In Linux, superusers are accounts that have administrator privileges, unlike regular users who only have ordinary permissions. As a system administrator, it’s essential to keep track of these users. For instance, we might discover there is a superuser whose privileges we forgot to revoke which is dangerous to the security of our system.

In this tutorial, we’ll learn to list all the superusers in our system.

2. Using the getent Command

Here, we use the getent command to do a search in the /etc/group file. This file stores a list of groups and the users assigned to every group:

$ getent group sudo
sudo:x:27:peter,james

From the output above, we can see that there are four fields, separated by colon (:) characters. Now, for emphasis, let’s discuss these fields.

First, we have the group field, which is the name of the group – in this case, sudo. Second, we have the password field that displays the group password, which is encrypted. If the password field has a value of x, then the password is stored in the /etc/gshadow file. Equally important, if the password field is empty, then there is no password. Third, we have the GID (Group ID), and the fourth field represents a list of the group members – in this case, peter and james.

2.1. Using getent With awk

Now, let’s clean up our output by listing only the usernames:

$ getent group sudo | awk -F: '{print $4}'
peter,james

The command above displays a comma-separated list of superusers.

Considering the command we executed, the awk command searches through the /etc/group file line by line. We add the -F option to define the delimiter separating the fields as a colon (:). Also, we use the print statement to print out the fourth field ($4) to show the members of the sudo group.

3. Using the grep Command

We can also use the grep command to go through the /etc/group file, searching for any string pattern we pass as our argument.

Let’s begin by searching for any line that starts with the “sudo:” string pattern:

$ grep '^sudo:' /etc/group
sudo:x:27:peter,james

Here, we see our output is a line that matches the defined pattern which eventually shows the members of the sudo group. In detail, this group is responsible for mapping all the superusers in our system.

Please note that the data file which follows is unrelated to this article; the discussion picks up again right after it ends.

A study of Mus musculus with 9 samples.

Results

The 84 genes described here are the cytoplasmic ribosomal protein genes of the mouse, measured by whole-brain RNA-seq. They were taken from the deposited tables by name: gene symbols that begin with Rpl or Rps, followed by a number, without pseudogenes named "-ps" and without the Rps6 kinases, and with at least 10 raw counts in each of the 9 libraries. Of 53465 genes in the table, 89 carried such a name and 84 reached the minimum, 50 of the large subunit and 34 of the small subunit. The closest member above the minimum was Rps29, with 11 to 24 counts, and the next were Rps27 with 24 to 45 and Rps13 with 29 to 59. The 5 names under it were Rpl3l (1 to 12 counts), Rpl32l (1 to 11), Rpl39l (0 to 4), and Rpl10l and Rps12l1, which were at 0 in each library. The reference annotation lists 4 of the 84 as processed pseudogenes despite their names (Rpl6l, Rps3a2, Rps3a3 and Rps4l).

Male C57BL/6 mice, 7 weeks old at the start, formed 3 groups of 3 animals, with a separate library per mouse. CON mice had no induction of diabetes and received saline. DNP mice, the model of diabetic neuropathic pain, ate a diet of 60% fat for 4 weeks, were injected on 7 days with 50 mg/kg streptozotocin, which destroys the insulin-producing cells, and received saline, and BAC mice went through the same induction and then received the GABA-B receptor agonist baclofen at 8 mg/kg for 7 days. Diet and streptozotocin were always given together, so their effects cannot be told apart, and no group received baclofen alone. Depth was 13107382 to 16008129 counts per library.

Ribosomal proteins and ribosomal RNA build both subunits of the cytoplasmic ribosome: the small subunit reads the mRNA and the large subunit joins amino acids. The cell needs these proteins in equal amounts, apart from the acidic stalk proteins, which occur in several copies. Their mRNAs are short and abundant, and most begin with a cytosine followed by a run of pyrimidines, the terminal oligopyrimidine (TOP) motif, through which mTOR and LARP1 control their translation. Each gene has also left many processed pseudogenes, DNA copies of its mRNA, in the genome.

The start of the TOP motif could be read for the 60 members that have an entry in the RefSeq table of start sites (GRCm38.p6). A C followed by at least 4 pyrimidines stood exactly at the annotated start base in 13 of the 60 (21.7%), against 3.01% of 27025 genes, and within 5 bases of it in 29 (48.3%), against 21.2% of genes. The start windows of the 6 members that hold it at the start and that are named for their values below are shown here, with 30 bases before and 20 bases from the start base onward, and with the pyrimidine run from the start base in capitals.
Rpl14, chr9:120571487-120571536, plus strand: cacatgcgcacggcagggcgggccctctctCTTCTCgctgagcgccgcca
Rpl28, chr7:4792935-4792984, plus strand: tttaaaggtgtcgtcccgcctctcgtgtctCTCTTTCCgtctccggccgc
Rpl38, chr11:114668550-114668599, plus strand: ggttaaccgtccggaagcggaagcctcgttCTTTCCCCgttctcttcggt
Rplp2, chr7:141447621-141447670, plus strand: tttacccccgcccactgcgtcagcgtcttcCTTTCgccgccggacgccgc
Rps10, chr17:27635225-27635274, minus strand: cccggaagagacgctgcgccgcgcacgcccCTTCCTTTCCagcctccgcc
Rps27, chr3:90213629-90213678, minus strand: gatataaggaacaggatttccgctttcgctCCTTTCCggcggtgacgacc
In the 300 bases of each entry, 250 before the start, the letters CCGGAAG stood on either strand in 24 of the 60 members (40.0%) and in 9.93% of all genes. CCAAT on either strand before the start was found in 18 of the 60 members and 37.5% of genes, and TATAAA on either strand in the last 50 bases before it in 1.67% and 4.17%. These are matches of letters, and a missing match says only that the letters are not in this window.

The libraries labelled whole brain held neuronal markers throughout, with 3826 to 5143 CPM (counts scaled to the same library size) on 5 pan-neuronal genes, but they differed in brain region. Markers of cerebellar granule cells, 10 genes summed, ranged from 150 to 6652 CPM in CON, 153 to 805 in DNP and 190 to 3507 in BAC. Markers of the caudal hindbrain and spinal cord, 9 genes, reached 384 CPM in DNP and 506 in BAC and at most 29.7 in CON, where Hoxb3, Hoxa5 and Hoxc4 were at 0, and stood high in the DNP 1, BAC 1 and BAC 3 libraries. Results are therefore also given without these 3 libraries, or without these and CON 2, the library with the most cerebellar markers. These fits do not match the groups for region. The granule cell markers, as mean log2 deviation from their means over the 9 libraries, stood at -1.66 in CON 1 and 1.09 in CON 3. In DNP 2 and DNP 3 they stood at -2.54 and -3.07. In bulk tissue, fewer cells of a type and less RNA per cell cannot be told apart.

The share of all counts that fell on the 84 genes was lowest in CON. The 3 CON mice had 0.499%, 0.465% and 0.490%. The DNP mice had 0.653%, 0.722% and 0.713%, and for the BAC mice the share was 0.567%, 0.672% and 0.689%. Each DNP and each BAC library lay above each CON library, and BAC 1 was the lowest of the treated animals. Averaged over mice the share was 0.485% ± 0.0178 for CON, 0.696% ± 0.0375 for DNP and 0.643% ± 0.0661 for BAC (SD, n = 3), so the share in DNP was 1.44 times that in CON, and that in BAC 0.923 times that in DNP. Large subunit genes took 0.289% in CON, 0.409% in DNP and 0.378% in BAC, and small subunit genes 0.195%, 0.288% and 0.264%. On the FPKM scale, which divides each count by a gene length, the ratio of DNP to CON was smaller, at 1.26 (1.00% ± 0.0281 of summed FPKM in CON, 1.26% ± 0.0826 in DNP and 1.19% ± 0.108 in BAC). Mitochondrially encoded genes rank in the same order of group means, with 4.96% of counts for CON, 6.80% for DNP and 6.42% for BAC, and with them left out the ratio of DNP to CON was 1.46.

3.1. Using grep With cut

Next, let’s clean up the output and list only the group members:

$ grep '^sudo:' /etc/group | cut -d: -f4
peter,james

Above, we make use of the cut command. This allows us to remove sections from lines in our input by either field, character, or byte position. After the cut command slices these lines, it then writes the results to standard output.

In our case, we use fields to slice and get our information. For this, we use the -f option and add 4 next to it to say that we’ll capture the fourth field containing the group members. However, the cut command by default uses tab as a field delimiter. This is why we need to use the -d option to define our field delimiter as a colon (:).

4. Using the sudo Command

At times, we might have only a few well-known users in our system. In this scenario, it makes sense that we check each user individually and confirm if they have superuser privileges. For this, we’ll make use of the sudo command, which makes it possible for a user to execute commands as a superuser or even another user.

To begin, we’ll look at users with access to our system:

$ cat /etc/passwd
root:x:0:0:root:/root:/bin/bash
...
peter:x:1000:1000:PETER KARANJA,,,:/home/peter:/bin/bash
sam:x:1001:1001:Samuel Njuguna Karanja,,,:/home/sam:/bin/bash
james:x:1002:1002:james,,,:/home/james:/bin/bash

Since peter is the administrator here, we’ll work with the other two users, james and sam, respectively.

Let’s start by confirming the user privileges available to james:

$ sudo -l -U james
[sudo] password for peter: 
Matching Defaults entries for james on peter-HP-15-Notebook-PC:
    env_reset, mail_badpass,
    secure_path=/usr/local/sbin\:/usr/local/bin\:/usr/sbin\:/usr/bin\:/sbin\:/bin\:/snap/bin,
    use_pty

User james may run the following commands on peter-HP-15-Notebook-PC:
    (ALL : ALL) ALL

The output above shows that the user james has permission to run all commands. So, this is proof that our user is in the sudo group.

Using the -l option helps display the privileges of our user james.

Now, let’s see what happens in the case of the user sam:

$ sudo -l -U sam
User sam is not allowed to run sudo on peter-HP-15-Notebook-PC.

The user sam doesn’t have the authorization to perform superuser privileged tasks. Thus, sam is just a normal user.

5. Conclusion

In this tutorial, we’ve learned about commands that we can use to list all superusers in Linux. With this knowledge, we’re now able to check the number of superusers in our system once in a while. This will prove to be a good practice in maintaining a secure environment for our system.

Authors Bottom

If you have a few years of experience in the Linux ecosystem, and you’re interested in sharing that experience with the community, have a look at our Contribution Guidelines.